Employee Engagement

70% of U.S. Workers Not Engaged at Work

Women have undoubtedly made progress in American society, but it is not enough. Women continue to drop out of the labor force.

Struggles with indifferent B2B and banking customers were major business challenges Gallup.com covered in 2016.

What do women and millennials want from the workplace? Gallup.com covered these and other hot topics in 2016.

Not every manager has the talent to be great -- but most managers can improve.

Employee Engagement Insights and Advice for Global Business Leaders

Teams with low engagement and poor managers are less productive, less profitable and less likely to be loyal.

Having a best friend at work links to business outcomes such as profitability, safety and customer loyalty, Gallup finds.

Rapid changes in the industry affect healthcare employees' expectations and connection with their organization's mission.

Slightly more than a third of millennial workers say the mission of their organization makes them feel their job is important.

Many millennials move from job to job, but not all of them are prone to leave their employers.

Income is important, but women want more out of a job. They'll shop around for a role that best fits them and their lives.

One factor has the greatest influence on women's decision to stay in the workforce or leave: children.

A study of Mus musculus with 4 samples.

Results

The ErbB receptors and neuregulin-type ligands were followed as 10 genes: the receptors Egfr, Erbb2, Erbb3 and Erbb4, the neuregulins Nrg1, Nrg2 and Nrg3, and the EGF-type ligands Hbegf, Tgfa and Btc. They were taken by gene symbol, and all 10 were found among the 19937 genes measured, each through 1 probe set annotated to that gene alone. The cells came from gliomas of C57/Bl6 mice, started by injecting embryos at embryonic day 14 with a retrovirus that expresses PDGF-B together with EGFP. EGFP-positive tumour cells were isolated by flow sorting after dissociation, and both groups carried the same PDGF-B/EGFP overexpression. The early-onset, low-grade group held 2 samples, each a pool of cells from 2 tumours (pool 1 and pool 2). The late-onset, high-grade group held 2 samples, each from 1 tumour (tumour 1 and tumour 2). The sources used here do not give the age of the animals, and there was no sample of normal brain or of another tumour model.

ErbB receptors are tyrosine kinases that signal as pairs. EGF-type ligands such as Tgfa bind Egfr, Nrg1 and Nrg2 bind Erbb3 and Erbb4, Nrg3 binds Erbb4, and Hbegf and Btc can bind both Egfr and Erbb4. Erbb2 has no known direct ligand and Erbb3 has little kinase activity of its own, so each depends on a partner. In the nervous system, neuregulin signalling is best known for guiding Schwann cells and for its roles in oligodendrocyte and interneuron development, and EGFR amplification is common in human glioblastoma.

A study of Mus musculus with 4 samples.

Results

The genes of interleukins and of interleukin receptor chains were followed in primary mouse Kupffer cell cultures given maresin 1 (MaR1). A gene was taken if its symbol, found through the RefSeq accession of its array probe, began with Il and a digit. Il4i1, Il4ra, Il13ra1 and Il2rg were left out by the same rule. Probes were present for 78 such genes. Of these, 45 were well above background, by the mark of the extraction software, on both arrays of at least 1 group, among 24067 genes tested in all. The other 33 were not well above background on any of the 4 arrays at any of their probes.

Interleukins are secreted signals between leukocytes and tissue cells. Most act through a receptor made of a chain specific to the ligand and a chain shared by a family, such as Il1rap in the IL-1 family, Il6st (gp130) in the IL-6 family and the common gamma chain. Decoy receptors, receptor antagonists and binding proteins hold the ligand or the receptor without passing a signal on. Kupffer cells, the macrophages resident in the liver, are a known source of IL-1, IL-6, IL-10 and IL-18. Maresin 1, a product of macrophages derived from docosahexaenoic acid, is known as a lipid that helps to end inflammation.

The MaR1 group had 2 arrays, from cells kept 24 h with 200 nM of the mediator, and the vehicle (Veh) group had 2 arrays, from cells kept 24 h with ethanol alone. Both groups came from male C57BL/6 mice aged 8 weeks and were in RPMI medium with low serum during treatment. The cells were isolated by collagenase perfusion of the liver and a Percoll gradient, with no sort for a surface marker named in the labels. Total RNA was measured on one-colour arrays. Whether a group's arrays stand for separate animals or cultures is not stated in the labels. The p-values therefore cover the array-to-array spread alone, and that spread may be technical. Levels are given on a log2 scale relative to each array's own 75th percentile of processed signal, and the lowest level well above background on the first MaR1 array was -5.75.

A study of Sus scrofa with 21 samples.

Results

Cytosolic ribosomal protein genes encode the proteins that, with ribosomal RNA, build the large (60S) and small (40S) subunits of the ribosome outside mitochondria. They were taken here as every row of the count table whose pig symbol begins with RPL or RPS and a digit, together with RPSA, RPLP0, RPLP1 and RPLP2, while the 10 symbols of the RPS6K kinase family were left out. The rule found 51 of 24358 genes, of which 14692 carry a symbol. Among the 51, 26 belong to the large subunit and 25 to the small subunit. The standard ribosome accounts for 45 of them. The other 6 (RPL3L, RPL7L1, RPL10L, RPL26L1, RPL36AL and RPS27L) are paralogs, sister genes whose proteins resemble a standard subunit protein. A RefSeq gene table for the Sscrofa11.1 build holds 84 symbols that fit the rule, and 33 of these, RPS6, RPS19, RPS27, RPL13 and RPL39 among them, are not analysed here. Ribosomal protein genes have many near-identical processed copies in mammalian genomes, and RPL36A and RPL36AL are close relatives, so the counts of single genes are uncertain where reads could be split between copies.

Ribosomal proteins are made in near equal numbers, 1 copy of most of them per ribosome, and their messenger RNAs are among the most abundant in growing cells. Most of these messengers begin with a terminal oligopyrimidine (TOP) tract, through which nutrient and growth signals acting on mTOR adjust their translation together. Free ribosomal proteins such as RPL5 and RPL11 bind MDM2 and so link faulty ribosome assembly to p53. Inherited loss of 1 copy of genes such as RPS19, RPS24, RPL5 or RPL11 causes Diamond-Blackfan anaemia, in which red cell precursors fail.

45% of female employees want to become a senior manager or leader

Employees across generations have a shared need for clear expectations in the workplace.

A Gallup study proves the business benefits of strengths-based development for employees.

A contradiction among millennials: This generation is extremely digitally connected, yet unattached to institutions and employers.

The Ritz-Carlton is a model for colleges and universities -- but not in the way you think.

Just 29% of millennials are engaged in their jobs. They'd be more committed if they received job clarity and were held accountable for their performance.

U.S. workers have become more satisfied with many aspects of their jobs, and are most positive about physical safety, relations with coworkers, flexibility and job security. Workers are least satisfied with stress and health benefits.